Police should strive to improve eyewitness identification procedures
The police procedural shows “Law and Order: SVU” and “Blue Bloods” are set in New York City. By the end of these shows the right person is usually trundled off to prison. Unfortunately, in the real world, the wrong person sometimes ends up going to prison. A few months ago, the author of a Newsday article observed that the State of New York is third in the nation for the number of convictions overturned by DNA testing. It was noted that while other states are moving forward in implementing eyewitness identification procedures which have been shown to enhance the accuracy of eyewitness evidence, New York lags behind due to resistance from prosecutors.
Eyewitness testimony is an integral part of the criminal justice system and, in many cases-including those involving assaults and violent crimes – it is the most important evidence available. However, according to a PBS Frontline investigation, flawed eyewitness testimony is the number one contributing factor to wrongful convictions which are subsequently overturned by DNA analysis. Whether it is a witness who is reviewing a photo lineup or giving a statement to law enforcement, the way a person happens to recall a face can result in putting innocent people behind bars.
Despite the need for eyewitness testimony to solve crimes, researchers have long studied the correlation between how people create memories and how that works in witness identification. As reported by NBC News, the average person tends to think that the memory works like a videotape recording. In reality, memory does not operate like a taped recording. Memories are constructed and reconstructed in the mind like a collage thereby leading to recollections which are riddled with errors. Moreover, a witness’s perception of a crime is often affected by a number of factors such as lighting, distance and stress that witnesses to a crime are understandably subject to.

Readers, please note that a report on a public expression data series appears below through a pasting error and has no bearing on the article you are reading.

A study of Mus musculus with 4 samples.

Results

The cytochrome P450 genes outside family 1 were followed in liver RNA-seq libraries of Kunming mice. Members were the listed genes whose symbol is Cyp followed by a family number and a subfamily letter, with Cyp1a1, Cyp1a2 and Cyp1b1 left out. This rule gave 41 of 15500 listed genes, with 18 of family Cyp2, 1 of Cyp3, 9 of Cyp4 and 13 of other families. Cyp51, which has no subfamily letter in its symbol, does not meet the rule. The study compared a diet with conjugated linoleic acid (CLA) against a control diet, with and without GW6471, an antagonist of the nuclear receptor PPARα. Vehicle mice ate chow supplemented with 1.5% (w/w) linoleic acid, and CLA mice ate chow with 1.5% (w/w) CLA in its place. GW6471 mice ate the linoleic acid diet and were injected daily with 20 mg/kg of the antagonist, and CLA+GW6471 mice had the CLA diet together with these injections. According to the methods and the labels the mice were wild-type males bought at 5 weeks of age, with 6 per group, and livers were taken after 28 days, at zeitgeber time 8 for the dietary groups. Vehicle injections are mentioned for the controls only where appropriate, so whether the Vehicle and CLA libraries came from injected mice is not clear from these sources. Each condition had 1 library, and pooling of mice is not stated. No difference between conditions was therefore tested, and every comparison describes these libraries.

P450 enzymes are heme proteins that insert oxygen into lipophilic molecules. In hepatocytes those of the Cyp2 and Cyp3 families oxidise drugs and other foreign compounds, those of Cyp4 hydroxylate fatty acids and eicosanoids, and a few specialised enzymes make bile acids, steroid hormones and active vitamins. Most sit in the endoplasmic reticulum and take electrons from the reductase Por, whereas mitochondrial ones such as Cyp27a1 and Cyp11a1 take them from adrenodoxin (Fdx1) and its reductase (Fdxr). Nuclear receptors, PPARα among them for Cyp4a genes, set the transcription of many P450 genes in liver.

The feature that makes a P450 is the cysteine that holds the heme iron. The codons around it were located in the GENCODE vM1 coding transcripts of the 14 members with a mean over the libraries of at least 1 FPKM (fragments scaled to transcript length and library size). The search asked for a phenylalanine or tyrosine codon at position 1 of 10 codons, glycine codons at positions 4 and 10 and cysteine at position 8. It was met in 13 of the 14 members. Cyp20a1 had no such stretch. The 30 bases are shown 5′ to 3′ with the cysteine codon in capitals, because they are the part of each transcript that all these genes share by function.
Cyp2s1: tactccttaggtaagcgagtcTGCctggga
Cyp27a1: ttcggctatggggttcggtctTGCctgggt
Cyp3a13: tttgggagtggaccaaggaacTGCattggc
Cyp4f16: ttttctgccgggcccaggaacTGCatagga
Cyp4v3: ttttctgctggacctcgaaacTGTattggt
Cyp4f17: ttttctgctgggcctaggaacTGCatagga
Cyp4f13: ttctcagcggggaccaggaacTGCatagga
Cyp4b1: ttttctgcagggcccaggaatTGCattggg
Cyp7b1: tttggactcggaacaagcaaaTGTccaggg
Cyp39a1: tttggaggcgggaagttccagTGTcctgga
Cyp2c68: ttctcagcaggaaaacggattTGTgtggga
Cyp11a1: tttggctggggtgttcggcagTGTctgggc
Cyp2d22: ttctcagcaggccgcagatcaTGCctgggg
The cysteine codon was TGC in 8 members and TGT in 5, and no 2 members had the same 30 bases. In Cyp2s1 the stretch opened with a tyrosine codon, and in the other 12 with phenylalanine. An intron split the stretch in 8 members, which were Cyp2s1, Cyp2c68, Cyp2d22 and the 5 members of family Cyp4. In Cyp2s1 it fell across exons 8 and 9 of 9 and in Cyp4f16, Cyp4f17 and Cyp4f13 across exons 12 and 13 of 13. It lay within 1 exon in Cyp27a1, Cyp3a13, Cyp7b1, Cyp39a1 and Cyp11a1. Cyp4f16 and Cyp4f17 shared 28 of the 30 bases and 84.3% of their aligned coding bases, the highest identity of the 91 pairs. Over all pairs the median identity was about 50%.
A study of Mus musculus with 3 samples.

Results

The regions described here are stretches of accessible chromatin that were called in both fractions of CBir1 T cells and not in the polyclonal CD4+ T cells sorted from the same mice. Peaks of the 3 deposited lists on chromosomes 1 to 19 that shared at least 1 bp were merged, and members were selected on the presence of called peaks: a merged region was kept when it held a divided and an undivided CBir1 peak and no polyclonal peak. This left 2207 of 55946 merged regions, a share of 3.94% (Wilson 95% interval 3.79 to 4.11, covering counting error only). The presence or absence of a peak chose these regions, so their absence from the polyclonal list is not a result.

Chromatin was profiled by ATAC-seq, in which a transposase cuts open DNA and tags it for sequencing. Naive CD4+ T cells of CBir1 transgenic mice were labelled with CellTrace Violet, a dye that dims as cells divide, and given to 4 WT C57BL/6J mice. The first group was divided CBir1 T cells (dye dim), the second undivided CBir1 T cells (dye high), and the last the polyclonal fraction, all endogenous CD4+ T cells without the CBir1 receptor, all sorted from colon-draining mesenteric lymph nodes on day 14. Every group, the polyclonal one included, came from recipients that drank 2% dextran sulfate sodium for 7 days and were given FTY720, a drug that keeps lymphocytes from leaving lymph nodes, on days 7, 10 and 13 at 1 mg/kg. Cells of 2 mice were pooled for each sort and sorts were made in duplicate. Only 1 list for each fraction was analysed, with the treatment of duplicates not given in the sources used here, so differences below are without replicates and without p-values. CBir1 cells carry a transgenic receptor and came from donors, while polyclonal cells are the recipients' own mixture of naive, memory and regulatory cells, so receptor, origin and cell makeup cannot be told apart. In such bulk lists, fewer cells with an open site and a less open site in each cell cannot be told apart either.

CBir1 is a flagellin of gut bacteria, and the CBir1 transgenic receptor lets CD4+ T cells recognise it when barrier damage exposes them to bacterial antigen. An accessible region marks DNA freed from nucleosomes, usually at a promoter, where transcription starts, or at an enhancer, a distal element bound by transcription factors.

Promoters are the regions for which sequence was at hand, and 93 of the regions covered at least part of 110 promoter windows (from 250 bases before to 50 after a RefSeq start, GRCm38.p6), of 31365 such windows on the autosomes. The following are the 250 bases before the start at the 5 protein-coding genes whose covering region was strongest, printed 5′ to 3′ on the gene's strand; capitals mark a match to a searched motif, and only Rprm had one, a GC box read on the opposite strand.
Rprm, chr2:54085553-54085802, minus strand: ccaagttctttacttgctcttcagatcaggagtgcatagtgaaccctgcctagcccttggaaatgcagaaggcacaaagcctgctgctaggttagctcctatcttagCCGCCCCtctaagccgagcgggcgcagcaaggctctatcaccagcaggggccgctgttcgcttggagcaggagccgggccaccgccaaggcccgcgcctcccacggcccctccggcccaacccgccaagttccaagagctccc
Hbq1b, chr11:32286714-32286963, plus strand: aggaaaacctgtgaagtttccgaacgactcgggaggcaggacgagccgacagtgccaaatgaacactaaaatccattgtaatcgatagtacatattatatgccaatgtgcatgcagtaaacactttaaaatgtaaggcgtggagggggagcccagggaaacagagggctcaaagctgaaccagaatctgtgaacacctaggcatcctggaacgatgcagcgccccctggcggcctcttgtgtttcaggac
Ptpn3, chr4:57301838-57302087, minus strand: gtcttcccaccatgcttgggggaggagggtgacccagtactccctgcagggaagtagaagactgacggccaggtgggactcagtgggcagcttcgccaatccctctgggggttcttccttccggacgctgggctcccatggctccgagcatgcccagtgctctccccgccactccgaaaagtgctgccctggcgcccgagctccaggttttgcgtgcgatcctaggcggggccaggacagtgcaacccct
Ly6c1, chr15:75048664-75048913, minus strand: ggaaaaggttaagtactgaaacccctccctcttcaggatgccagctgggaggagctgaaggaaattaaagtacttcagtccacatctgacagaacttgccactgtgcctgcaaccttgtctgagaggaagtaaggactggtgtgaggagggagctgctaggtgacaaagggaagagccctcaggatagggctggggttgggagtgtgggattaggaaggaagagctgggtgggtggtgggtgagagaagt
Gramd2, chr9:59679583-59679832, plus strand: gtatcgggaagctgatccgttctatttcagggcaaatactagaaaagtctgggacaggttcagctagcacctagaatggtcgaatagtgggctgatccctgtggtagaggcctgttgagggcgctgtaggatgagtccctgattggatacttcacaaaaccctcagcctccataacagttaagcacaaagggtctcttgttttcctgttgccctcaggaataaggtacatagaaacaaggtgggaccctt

The NBC report notes that people are often susceptible to influence by intentional or inadvertent suggestions of law enforcement officers as they try to recall the events of a crime. An associate professor of psychology at John Jay College of Criminal Justice says that suggestions from law enforcement officers could come in the form of simple nods from an officer or a positive reaction when a witness says that someone in a lineup looks like the perpetrator. Once positive enforcement is provided, people then become completely convinced of the correctness of their memories.
The PBS program Frontline observes that the Innocence Project has made recommendations on how police should handle eyewitness evidence to better ensure reliability. Among the suggestions are the following:
- The composition of the lineup should include people who resemble the suspect rather than make him or her stand out.
- The person viewing the lineup should be informed that the perpetrator may or may not be in the lineup and that the investigation will continue regardless of the lineup results.
- Immediately following a lineup, the eyewitness should provide a statement in his or her own words setting forth their level of confidence in the identification he or she made.
- Identification procedures should be taped to protect lineup suspects from any misconduct by the person administering the lineup.
If you have been accused of a crime, you should contact a New York attorney experienced at handling criminal law cases. An attorney can mount an aggressive defense and will vigorously challenge eyewitnesses whose testimony is inaccurate or shows signs of having been influenced by law enforcement officers.